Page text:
There comes a time in life when enough is enough. When circumstances dictate that you just can’t take it anymore. When injustice is so unjust that you are compelled to take a stand. Such was the case throughout the South until the second half of the 20th century. Water from high-powered fire hydrant hoses knocked thousands off their feet. Snarling dogs on loose leashes held by red-faced police with flashlights and billy clubs attacked peaceful marchers.
Emmett Till, a fourteen-year-old Negro boy, whose battered one-eyed body weighed down with a cotton gin fan and barbed wire was tossed into Mississippi’s Tallahatchie River for alleged speaking to and flirting with a White lady. With bold determination to gain justice, Montgomery Negroes — nameless maids, cooks and others — who Dr. King noted, substituted tired feet for tired souls, walked the streets with dignity rather than ride buses in humiliation for three hundred eighty-one days.
Three quiet heroes of that era were honored Friday, May 10, 2013, at the Max M. Fisher Music Center during the 15th Annual Ford Freedom Awards. The evening was nothing short of a history lesson and a vivid reminder that today, 150 years after the Emancipation Proclamation, the struggle continues.
Johnnie Rebecca Daniels Carr (January 26, 1911-February 22, 2008), one of three 2013 honorees, began her unrelenting support for civil rights at an early age. In 1931, when she was only twenty years old, she raised money during the Scottsboro (Alabama) Trials for nine young Black men, ranging in age from 13 to 20, who were falsely accused of raping two white women on a train.
Thereafter, Johnnie Carr devoted her life to achieving equal rights for blacks, succeeding Dr. Martin Luther King, Jr., in 1967 as president of the Montgomery Improvement Association, a position she held until her death from a massive heart attack in 2008. Her son, Arlam Carr, Jr., who at 13 was the plaintiff in Carr v Montgomery County Board of Education (1969), which declared that the board had illegally operated a dual school system based on race, accepted the award for his mother. Arlam, Jr., became one of thirteen students to integrate Sidney Lanier High School and a classmate of “segregation now and segregation forever” Governor George Wallace’s daughter.
Viola Fauver Gregg Liuzzo, a California, Pennsylvania, native who spent part of her improvised childhood in Tennessee and Georgia before migrating to Detroit made the ultimate sacrifice. Responding to Dr. King’s call for any and all persons to travel to Selma after the March 7, 1965, “Bloody Sunday,” when 500 protesters marching from Selma to Montgomery were attacked by Alabama State Troopers wielding billy clubs and grenades, Liuzzo decided that she wanted to be part of it since there were “too many people who just stand around talking.” On March 24, after joining 25 thousand marchers, for the last four miles of the trek to the state capitol, she volunteered to drive civil rights worker Leroy Moton, who had used her car as an airport shuttle, back to Montgomery.
Halfway between Selma and Montgomery, while attempting to outrun members of the Ku Klux Klan and singing, “We Shall Overcome,” she was shot and died instantly. Her daughter, Sally Liuzzo, was 6 years old when her mother left Detroit for the last time, accepted her mother’s award.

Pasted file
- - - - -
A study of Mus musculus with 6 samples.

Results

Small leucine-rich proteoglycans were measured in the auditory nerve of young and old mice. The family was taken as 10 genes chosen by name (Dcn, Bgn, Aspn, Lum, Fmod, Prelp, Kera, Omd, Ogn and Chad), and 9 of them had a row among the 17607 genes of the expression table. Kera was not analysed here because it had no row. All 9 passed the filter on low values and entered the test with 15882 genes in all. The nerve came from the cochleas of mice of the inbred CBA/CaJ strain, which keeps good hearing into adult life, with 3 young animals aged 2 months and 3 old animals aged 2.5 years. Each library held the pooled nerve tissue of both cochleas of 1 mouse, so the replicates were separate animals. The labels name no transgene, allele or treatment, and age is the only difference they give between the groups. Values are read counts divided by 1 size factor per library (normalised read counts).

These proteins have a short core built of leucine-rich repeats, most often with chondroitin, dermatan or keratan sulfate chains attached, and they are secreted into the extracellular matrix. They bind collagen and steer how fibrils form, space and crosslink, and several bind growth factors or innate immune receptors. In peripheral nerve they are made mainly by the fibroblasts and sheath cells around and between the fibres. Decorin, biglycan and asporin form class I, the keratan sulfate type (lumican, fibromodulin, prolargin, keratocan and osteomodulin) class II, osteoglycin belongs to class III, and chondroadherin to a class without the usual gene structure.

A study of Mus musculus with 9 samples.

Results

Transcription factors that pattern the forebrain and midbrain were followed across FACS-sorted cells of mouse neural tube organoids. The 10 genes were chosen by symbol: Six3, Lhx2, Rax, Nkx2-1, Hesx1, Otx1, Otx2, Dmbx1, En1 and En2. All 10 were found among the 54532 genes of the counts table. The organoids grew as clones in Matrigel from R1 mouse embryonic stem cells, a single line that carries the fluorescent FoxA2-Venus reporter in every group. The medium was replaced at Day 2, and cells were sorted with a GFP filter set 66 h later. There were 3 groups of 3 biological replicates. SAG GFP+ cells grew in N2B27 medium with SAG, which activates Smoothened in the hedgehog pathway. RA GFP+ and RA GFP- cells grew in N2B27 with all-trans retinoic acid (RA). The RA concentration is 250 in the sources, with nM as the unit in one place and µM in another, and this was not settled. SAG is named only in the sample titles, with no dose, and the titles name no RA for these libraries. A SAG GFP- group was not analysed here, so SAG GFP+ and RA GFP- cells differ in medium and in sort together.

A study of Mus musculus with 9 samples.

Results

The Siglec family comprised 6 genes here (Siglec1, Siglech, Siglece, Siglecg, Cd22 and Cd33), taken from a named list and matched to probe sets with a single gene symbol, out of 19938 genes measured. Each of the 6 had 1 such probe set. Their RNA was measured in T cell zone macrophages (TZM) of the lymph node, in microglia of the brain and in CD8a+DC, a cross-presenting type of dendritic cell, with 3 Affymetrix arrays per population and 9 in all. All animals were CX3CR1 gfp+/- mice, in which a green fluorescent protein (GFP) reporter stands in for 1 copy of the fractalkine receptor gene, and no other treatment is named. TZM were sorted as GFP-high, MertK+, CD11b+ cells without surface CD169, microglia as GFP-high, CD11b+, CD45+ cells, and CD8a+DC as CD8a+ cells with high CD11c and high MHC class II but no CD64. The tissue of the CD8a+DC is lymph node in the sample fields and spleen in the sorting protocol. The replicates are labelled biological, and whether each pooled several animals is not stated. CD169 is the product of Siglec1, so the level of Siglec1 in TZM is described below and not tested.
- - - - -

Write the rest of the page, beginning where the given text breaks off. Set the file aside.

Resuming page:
U.S. Congressman John Lewis, who received the Ford Freedom Scholar Award, recalled that his parents admonished him to “ don’t get in trouble, don’t get in the way” but after “more than fifty years of getting in trouble” he was “going to get in more trouble.” The congressman, whose “quo vadis” haircut was often pictured covered with bandages from beatings by southern law enforcement officials, warned that President Barak Obama’s election does not represent the fulfillment of Dr. King’s dream of reaching the mountain top, but was “just a down payment.”
These quiet heroes and many like them, remind us that we stand on the shoulders of forefathers and mothers whose experiences during the middle passage, slavery, Reconstruction, and Jim Crow did not rob them of their hope for a better life for their families and future generations.
Will we just sit around and talk or will “get into trouble”?
The challenge, and indeed the opportunity, to “get in trouble” now is much different than it was 50 years ago when Dr. King, in Detroit and at the March on Washington, had shared his dream of an end to racist in America. The racial climate has changed, the challenges are different, and we bear an even greater responsibility to assist in affecting change in our communities.
It has been said that in order to experience change, the conversation at the community level must change. Twenty years ago, Brothers Also Read (BAR) was formed to foster conversation between young and old African-American men and to change the conversation about what was possible for African-American males and for the African-American community at large.
In September, as Congressman John Lewis’ guests, BAR will receive an inside look at the Civil Rights Movement and a history lesson during its bimonthly meeting in Washington, D.C., to review his new book, “Walking with the Wind: A Memoir of the Movement.”
Roy Roulhac is a former federal administrative law judge who has written extensively on Reconstruction and Jim Crow. His latest book book is “Slave Genealogy of the Roulhac Family.”
“The racial climate has changed, the challenges are different, and we bear an even greater responsibility to assist in affecting change in our communities.”